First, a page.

My father divorced my mother and married her best friend. It’s an oversimplification of a difficult situation, but it also happens to be true. This woman who once was a daily fixture in my childhood home, who laughed and gossiped with my mother over coffee, is now his family and insists that we no longer are.
In 13 years I have seen him only once. He used the opportunity of this woman going on a vacation with her own children to slip away and finally meet mine. His eyes brimmed with tears as my family regaled him with the tales of the lives he has missed. He drank deeply of their presence and mine, and as the day finally wound to a close, he held me close and promised to try to come again … if he could.
He hasn’t. Yet.
After years of silence we have progressed to the occasional phone call on his way home from the office, calls that are short, impersonal and often interrupted by calls from her that cannot be ignored lest she know that he is once again in contact with me.
Through the years there have been harsh words and a lot of anger exchanged between his wife and me. Even though the fires of my enmity have cooled to a studied indifference, and I have apologized for what I have done and failed to do, she wants no part of me or my family to intrude into their lives.
I once spent a lot of time wavering between anger at her meddling and disgust at his weakness. The mother I am couldn’t understand a parent giving in to the pressure to abandon his children. I was much younger then, and time and the realities of life have a way of tempering all but the hottest fires and bringing shades of understanding.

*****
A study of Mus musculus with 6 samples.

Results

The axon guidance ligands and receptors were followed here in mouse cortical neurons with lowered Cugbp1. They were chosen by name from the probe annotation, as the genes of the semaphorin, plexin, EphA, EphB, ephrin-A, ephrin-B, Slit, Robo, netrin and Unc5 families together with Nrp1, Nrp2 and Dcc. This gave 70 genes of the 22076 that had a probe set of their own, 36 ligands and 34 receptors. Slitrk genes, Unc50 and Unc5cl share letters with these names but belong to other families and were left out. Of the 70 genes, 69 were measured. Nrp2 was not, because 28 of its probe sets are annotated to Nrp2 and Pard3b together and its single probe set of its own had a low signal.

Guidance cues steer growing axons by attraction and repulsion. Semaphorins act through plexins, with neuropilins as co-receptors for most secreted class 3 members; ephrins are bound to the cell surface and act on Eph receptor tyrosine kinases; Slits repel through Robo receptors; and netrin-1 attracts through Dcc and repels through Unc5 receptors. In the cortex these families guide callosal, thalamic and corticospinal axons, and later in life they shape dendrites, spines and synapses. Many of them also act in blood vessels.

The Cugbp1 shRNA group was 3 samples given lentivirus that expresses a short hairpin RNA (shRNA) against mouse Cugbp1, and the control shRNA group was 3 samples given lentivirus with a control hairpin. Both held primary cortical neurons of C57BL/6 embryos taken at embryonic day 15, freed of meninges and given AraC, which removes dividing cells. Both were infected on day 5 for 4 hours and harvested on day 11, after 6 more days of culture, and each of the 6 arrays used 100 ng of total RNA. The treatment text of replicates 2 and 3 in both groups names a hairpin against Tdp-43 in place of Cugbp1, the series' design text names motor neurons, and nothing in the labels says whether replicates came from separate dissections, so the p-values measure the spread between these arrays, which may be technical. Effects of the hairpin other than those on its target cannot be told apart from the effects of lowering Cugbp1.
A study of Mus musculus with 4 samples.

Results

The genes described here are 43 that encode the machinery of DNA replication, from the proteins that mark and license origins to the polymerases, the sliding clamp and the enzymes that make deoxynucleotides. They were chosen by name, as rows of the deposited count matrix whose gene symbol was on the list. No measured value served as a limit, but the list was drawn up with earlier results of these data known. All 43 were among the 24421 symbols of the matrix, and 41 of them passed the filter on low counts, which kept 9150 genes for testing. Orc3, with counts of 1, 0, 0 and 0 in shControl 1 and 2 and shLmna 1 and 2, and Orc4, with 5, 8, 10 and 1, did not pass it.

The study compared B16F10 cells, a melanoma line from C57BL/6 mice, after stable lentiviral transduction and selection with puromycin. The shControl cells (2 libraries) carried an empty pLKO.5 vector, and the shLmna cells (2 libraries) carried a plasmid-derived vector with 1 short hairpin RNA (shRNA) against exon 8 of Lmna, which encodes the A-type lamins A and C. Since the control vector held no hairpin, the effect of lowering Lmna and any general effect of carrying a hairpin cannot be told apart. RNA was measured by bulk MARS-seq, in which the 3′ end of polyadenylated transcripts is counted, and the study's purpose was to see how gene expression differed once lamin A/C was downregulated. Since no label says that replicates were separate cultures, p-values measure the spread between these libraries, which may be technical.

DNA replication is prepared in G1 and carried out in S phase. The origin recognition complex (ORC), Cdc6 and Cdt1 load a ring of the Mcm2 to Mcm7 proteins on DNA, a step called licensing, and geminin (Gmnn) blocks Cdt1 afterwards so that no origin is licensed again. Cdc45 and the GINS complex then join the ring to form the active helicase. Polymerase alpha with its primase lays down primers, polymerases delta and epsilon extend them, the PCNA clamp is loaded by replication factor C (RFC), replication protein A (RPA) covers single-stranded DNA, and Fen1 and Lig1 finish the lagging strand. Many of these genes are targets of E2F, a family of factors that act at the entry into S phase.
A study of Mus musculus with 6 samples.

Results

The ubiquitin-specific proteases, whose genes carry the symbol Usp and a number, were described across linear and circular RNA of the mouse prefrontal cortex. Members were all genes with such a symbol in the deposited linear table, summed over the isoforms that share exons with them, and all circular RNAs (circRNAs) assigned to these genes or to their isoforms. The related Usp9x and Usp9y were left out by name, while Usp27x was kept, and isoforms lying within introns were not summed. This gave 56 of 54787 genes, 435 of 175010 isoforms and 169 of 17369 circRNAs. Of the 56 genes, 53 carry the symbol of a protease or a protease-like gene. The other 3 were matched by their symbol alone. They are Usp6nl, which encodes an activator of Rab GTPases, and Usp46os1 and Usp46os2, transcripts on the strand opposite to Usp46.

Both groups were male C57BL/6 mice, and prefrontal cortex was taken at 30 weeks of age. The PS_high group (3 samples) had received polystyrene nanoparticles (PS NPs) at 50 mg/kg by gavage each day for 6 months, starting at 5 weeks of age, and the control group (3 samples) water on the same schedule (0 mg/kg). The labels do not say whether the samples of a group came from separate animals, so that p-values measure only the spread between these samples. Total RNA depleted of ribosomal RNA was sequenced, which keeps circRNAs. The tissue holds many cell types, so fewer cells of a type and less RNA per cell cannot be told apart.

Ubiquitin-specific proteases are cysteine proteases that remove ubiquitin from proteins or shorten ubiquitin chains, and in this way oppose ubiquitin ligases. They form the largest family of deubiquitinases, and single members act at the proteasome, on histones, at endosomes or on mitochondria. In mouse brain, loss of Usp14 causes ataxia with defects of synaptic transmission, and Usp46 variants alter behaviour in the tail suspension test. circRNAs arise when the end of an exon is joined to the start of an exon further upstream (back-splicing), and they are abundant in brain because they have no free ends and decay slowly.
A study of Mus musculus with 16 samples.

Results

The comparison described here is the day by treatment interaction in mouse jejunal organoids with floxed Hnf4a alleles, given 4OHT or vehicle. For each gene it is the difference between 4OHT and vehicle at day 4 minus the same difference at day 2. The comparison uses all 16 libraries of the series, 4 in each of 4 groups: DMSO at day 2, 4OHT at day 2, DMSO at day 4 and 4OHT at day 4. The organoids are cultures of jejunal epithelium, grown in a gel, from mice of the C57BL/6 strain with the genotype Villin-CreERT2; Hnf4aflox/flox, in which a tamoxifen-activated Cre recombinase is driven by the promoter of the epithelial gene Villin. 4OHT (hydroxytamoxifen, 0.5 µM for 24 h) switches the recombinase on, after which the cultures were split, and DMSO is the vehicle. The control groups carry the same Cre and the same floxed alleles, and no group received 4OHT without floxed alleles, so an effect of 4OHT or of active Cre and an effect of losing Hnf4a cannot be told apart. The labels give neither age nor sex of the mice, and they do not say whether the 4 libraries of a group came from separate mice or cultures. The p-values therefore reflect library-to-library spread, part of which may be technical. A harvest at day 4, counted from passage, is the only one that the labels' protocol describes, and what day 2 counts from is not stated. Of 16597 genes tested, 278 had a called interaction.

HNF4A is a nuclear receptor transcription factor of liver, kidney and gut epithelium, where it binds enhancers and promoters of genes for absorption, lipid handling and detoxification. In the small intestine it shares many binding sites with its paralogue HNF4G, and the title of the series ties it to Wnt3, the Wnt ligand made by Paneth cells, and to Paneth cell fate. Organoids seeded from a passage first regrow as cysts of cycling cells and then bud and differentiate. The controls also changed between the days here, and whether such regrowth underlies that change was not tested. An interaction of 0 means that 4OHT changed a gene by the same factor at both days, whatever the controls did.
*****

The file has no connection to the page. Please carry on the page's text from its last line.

These days, when I think of them, I spend a lot of time trying to empathize with them both. It must take a great deal of hurt and fear for someone to work this hard to prevent a father from seeing his children. It must take a great deal of hurt and fear to be willing to give up your family in the name of personal domestic tranquility.
I used to pray for God to soften their hearts toward me, but a year or so ago that changed. I prayed instead that he soften my heart toward them, and give me the wisdom to understand their decisions and the mercy to accept them.
It was only once I accepted my own sinful behavior that I could find peace enough to forgive theirs. It was then that I began to pray for them and to ask God’s forgiveness for my own failings.
Now when I pray for them, I begin, “Dear Lord, Please bless (my dad and his wife) and have mercy on me, a sinner.” It may not seem like much, but it is everything. It is a place to begin.
Rebecca Frech is a home-schooling mother and writer. Her blog Shoved to Them can be found at Patheos.com.